How nice would it be if the blind could walk around the streets without the white stick in their hand? That’s what Anirudh Sharma has been working since January 2011. Anirudh, who holds a Bachelor of Information Technology Engineering degree from Rajasthan Technical University, has developed a system called “Le Chal”, which is a Hindi translation for “Take Me There.” It helps the visually impaired to walk without having to carry their white stick in hand. Not just that, the system also alerts them about any potholes they come across while walking.
Sharma made his debut of the haptic (of or relating to the sense of touch) shoe design during an MIT Media Lab Workshop hosted at COEP, and was featured in MIT Review in August 2011. During the workshop, he created the first prototype of the haptic shoe and showcased it to the delegates. The shoe was instantly named “Le Chal”.
So what does Le Chal basically do?
Le Chal is a non-obtrusive navigation aid for the visually impaired, which is designed to send vibration signals about the direction one need to walk in so to reach the desired destination. The entire system is fitted to a regular shoe which is coded to parse Google Maps/GPS data. It is basically intended to assist the blind in finding their way to a specified geographical location, and also helps them avoid walking into ditches and potholes on their way.
The system contains an Arduino LilyPad which is the main circuit board and is placed at the back mid-sole region of the shoe. Along the sides of the shoe, there are four mini vibration motors placed (front, back, left and right), which are intended to inform the user about the directions. For instance, a vibration on the left side indicates that the user should turn left. The vibrations start out low, but build in intensity as the user nears points where he or she has to take a turn.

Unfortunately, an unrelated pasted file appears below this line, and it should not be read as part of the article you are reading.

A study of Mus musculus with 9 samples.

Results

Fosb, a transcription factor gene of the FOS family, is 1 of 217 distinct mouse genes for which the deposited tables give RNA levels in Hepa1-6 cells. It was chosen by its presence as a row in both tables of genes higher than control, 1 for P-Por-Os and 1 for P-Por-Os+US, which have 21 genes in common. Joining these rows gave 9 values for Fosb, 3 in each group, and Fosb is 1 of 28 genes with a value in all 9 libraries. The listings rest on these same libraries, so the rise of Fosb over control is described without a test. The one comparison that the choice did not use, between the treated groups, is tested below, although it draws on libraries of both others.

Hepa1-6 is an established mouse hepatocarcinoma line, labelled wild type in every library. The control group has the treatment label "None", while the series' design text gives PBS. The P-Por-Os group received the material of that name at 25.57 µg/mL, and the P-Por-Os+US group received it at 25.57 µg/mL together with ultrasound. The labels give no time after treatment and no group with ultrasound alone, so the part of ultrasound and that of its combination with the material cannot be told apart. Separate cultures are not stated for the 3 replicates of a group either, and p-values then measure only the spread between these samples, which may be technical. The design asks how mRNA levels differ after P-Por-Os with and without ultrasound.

It also contains a Bluetooth Arduino LilyPad to sync devices and a smartphone with GPS enabled to pull the location data from the satellite.
How it works?
IT all starts with the user entering their destination on Google Maps, using their Le Chal Android app. The phone then converts the speech into text and communicates by Bluetooth with the LilyPad Arduino circuit board. Now following the directions given by Google Mas along with the location data from GPS, the phone gets the circuit to activate the vibrator depending on the direction.
A proximity sensor in the front of the shoe also alerts the user to obstacles, which it can detect from up to ten feet (three meters) away.
The shoes have had their trials in a Bangalore blind school. We intend doing about 20 shoes (priced at Rs 1,000 or $20 USD a piece) and distribute them to the visually challenged. After the feedback, we will make all the improvements suggested by the user group before going for future plans,” said Anirudh.
Vaishnavi Kasturi, a visually challenged girl who cleared CAT, said: “It’s a great option. Sometimes a white cane cannot sense big objects. They just don’t matter on a pothole-marked terrain like in Bangalore. The shoes could be very convenient. The proximity sensor is brilliant. It can help you spot small objects. For instance, in case of a pothole, there is one at virtually every step in Bangalore, the shoes could give out some warning by way of vibrations.”